It’s still littering: Park rangers debunk myth on tossing apple cores, banana peels

Nature is not your compost pile.

That’s the message that rangers from Glacier National Park in Montana shared on Facebook Wednesday, busting the common myth that it’s all right to toss “natural” foods such as apple cores and banana peels on the ground because animals will eat them or they’ll decompose.

“These ‘natural’ food items will not decompose quickly. If animals don’t eat the food waste, decomposition will likely take much longer than you expect,” rangers wrote in the post, which has been shared around 50,000 times as of Friday. “Some fruit products can take years to decompose depending on the environment they are in!”

Apple cores biodegrade in eight weeks, The Guardian reports, while littered banana skins and orange peels can stick around for two years and a paper bag lasts about a month.

Even if scavenging wildlife chow down on littered leftovers, the practice of tossing out food can still have negative consequences, according to park rangers, who wrote that “if you throw your apple core out the window of your car, it may encourage wildlife to search for foods along roads. The more time they spend around roads, the higher the chance they’ll get hit by a car.”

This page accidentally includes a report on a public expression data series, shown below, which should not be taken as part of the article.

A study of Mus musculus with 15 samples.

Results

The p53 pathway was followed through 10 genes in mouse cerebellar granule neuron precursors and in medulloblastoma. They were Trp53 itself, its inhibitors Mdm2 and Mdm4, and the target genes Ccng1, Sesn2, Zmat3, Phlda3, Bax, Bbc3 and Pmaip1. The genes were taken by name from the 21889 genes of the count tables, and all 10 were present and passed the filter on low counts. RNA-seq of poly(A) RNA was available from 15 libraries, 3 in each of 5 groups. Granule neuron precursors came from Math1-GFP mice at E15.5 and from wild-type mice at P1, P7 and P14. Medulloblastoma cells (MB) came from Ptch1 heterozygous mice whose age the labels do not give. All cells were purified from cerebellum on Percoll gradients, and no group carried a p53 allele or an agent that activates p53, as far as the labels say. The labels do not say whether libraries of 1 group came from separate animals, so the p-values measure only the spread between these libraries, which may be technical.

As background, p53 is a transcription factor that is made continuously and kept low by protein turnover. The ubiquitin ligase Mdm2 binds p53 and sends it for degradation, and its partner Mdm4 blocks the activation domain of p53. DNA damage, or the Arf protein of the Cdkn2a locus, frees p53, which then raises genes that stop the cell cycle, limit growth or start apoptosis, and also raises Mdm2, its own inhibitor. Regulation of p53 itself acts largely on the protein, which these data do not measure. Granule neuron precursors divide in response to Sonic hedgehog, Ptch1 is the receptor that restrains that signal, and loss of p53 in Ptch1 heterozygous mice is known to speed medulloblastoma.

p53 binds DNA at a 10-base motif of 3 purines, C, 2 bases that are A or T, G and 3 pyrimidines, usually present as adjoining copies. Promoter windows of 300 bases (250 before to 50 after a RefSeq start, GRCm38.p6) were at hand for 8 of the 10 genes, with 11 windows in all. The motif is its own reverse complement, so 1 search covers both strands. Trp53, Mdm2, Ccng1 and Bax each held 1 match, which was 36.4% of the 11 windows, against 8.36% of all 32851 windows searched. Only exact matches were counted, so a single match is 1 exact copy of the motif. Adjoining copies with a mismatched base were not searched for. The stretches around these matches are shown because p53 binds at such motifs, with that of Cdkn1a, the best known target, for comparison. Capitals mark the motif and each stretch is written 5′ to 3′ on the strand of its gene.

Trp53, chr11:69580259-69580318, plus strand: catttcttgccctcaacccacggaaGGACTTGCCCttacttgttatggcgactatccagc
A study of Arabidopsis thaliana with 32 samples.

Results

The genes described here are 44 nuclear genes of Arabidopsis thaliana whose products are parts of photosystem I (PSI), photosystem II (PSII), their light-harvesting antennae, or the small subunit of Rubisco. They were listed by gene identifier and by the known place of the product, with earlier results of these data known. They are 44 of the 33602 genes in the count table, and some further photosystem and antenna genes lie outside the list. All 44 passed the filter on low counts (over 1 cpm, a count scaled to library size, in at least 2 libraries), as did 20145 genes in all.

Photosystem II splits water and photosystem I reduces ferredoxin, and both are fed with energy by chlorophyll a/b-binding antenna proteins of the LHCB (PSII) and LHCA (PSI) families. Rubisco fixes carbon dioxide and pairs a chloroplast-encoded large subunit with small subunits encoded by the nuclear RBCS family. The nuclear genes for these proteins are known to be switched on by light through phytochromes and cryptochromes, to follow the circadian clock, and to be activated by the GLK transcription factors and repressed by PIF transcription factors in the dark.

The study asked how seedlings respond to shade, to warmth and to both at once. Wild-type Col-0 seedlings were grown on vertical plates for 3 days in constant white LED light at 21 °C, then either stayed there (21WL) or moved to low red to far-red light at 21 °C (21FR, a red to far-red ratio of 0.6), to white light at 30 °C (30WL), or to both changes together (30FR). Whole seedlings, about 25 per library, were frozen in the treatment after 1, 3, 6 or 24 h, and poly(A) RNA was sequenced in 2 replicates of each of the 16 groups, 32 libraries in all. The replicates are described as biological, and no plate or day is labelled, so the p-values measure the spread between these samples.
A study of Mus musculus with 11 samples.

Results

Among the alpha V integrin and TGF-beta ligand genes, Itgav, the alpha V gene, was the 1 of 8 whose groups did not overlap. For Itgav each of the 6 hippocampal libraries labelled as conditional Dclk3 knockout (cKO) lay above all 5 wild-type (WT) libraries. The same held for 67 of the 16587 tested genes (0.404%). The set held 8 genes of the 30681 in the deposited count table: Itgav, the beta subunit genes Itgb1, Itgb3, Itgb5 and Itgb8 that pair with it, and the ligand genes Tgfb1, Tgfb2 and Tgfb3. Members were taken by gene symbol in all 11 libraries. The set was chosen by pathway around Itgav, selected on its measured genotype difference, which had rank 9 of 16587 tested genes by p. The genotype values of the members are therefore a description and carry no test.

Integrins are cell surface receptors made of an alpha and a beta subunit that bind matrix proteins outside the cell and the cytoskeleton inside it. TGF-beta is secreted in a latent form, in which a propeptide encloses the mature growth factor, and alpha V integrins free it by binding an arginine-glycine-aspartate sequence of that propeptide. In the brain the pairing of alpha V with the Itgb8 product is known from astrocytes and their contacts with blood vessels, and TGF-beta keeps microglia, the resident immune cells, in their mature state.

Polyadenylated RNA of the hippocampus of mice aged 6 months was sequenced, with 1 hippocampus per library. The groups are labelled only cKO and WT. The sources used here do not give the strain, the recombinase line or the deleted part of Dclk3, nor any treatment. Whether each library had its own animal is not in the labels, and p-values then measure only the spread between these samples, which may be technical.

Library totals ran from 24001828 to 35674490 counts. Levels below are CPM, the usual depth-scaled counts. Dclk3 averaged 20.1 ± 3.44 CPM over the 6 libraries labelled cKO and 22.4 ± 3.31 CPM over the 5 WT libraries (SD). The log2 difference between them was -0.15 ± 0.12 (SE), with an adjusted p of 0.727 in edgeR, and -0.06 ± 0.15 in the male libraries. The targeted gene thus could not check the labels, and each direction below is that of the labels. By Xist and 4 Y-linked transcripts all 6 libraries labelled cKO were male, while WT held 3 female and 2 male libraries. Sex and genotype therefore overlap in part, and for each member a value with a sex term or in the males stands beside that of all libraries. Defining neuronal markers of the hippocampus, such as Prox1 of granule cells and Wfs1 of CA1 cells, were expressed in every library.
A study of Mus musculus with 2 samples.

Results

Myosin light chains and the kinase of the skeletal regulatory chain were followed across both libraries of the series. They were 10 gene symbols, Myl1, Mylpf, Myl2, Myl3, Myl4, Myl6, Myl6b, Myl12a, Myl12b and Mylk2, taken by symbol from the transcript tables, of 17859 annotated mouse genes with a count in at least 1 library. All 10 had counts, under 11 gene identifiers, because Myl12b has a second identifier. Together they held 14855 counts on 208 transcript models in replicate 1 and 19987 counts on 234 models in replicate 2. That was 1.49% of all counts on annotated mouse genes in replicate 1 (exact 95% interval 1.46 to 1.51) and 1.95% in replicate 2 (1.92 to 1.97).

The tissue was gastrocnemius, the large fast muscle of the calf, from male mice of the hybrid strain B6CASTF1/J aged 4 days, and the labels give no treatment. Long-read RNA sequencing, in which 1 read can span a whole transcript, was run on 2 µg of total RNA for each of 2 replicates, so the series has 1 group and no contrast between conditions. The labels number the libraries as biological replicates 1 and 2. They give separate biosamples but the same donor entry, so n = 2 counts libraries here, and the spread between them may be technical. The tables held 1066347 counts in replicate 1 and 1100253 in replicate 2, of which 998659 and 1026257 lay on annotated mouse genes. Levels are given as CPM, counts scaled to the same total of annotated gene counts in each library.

What’s more, that orange and banana might seem natural to us, but neither tropical fruit is native to Glacier National Park or to many other areas across the U.S., park rangers said.

“Fruit and vegetable seeds that end up on the ground could result in a non-native plant growth,” rangers wrote. “Last but not least, no one wants to see your food waste decomposing on their visit to a pristine national park.”

Rangers told park visitors to plan ahead if they bring those foods into nature with them — that way, they will be able to pack up their organic food waste, take it back to civilization and dispose of it properly.